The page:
A team at Robotic Surgical Tech have developed a robotic surgical assistant named Penelope to organise and manage all the surgical instruments used in an operating theatre.
Surgeon Michael R. Treat and his team at Robotic Surgical Tech have developed a robotic surgical assistant, named Penelope, to organise and manage all the surgical instruments used in an operating theatre – essentially replacing all the jobs usually assigned to a scrub nurse.
The Penelope robot itself is comprised of four major hardware and software components: the robotic arm, the instrument platform, the system stand, and the system control software.
Penelope has a 5 degree-of-freedom robotic arm with an electromagnetic gripper that move surgical instruments around. It unpacks instruments from the back tray, arranges them on a Mayo stand, and then hands them to the surgeon.
The arm’s electromagnetic gripper can pick up surgical instruments weighing up to 8 ounces. A magnetic gripper was chosen for the design, since it is far simpler to design, cheaper to manufacture, and more reliable; it’s also safer since the instruments aren’t held too tightly.
The instrument platform is a set of sterile horizontal surfaces on which Penelope stores instruments. These are called instrument caches and they’re designated by levels indicating their proximity to the surgeon. The instrument caches are the Mayo Stand (1st level), the staging zone (2nd level), and the back tray (3rd level).
The Mayo stand is the 1st level instrument cache. Penelope will keep those instruments most likely to be needed in the near term on the Mayo stand, where they can delivered quickly. Penelope continually monitors the progress of the operation and makes predictions about which instruments will be needed soon. Those instruments are kept front and centre on the Mayo stand, ready to be handed quickly to the surgeon.
The staging zone is the 2nd level instrument cache. Penelope uses this as an overflow area if the number of instruments becomes too large to fit on the Mayo stand. Delivery time from the staging zone is longer than for the Mayo stand, so Penelope will use this area for instruments less likely to be used.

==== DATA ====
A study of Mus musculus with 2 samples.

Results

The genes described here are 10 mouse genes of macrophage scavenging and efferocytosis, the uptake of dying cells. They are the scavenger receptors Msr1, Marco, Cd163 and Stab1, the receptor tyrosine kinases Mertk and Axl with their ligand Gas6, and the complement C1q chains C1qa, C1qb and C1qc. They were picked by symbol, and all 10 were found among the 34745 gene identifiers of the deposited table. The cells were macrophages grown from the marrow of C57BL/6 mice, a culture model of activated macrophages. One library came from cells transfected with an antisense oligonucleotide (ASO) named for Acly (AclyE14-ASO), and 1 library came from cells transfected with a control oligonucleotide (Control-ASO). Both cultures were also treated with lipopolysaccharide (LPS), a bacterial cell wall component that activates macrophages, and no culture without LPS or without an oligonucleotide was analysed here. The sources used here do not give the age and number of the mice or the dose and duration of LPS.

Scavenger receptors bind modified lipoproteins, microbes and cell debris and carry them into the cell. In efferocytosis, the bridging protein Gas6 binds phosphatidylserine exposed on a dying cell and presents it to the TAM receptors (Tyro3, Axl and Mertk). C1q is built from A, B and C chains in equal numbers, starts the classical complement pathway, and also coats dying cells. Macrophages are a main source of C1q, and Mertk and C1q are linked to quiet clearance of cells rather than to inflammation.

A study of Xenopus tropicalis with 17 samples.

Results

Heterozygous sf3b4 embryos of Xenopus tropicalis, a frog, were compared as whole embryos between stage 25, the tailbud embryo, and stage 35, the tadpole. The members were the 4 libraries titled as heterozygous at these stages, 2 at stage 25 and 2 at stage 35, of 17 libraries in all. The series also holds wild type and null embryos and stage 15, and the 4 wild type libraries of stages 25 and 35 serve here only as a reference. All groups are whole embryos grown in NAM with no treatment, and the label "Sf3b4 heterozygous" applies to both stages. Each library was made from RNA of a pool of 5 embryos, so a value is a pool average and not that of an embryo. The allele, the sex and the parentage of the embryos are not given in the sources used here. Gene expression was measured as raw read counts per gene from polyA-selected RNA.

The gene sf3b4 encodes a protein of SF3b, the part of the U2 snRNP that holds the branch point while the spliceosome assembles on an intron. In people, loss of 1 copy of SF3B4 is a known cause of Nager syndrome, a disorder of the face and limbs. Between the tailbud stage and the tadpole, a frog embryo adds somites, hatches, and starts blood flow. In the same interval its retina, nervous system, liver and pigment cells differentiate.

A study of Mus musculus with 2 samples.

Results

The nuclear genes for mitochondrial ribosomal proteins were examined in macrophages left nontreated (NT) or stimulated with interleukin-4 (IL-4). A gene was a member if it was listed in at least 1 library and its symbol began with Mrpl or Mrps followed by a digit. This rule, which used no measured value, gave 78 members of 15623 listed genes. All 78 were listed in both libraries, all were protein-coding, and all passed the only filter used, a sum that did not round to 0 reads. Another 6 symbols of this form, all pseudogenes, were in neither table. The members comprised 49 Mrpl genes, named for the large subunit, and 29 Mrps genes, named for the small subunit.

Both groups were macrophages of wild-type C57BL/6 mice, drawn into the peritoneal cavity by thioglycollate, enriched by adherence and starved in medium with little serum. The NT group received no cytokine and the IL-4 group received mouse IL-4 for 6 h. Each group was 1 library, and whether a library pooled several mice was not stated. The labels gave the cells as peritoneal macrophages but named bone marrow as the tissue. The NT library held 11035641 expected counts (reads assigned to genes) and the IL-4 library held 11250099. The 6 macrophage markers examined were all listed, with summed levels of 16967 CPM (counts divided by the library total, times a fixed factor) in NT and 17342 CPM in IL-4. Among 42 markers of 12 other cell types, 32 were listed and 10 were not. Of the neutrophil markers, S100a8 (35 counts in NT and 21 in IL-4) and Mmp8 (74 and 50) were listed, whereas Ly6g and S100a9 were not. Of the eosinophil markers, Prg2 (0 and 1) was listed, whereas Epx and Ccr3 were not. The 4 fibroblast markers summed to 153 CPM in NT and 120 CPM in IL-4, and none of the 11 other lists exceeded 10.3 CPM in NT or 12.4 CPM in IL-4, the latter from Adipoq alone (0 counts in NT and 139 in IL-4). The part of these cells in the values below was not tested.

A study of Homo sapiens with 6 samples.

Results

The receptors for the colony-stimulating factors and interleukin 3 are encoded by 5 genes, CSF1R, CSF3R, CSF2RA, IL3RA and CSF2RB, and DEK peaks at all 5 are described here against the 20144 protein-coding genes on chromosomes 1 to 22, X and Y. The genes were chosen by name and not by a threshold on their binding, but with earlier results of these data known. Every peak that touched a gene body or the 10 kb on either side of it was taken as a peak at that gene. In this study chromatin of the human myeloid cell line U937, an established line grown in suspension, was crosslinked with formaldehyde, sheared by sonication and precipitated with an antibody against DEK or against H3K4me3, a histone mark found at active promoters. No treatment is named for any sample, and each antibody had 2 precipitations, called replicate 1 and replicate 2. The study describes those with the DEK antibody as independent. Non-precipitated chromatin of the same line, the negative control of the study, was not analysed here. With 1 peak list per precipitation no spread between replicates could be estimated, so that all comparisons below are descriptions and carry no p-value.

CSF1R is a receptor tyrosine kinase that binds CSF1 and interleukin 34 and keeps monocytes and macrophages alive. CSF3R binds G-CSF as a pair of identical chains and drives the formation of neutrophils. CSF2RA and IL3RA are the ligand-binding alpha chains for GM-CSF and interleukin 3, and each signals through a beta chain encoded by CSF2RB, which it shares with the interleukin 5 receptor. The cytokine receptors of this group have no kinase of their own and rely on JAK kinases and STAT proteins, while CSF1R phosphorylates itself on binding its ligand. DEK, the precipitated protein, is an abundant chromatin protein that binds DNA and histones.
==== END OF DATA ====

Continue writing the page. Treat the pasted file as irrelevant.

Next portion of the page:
The back tray is the 3rd level instrument cache. Before the procedure, the entire set of surgical instruments is sterilely packed onto the back tray. Instruments are then removed from the back tray as the procedure progresses.
Penelope’s base is a wheeled cart called the system stand. The instrument platform and robotic arm sit on top of this stand, allowing it to be adjusted and manoeuvred to the most convenient place for the surgeon.
The system stand also houses much of the electronics that keep Penelope moving. The main CPU is located in the system stand, as are the camera stand, holding Penelope’s digital camera above the instrument platform, and a microphone and speakers.
All of Penelope’s functions are made possible by the application of artificial intelligence software.
Penelope uses voice recognition to respond to a surgeon’s request for an instrument, handing it to the surgeon with a robotic arm. Using a visual processing capability, Penelope also retrieves the instrument when it is no longer needed. For safety, the robot even assists in keeping track of the number of surgical instruments used, helping to ensure that none are accidentally left inside the patient!
Penelope anticipates which instrument the surgeon will need next and selects that item from its tool kit, just as an experienced scrub nurse would. And like a nurse, Penelope can learn the instrument preferences of various surgeons.
While Penelope does not interact directly with patients, she can free the scrub nurse to do just that.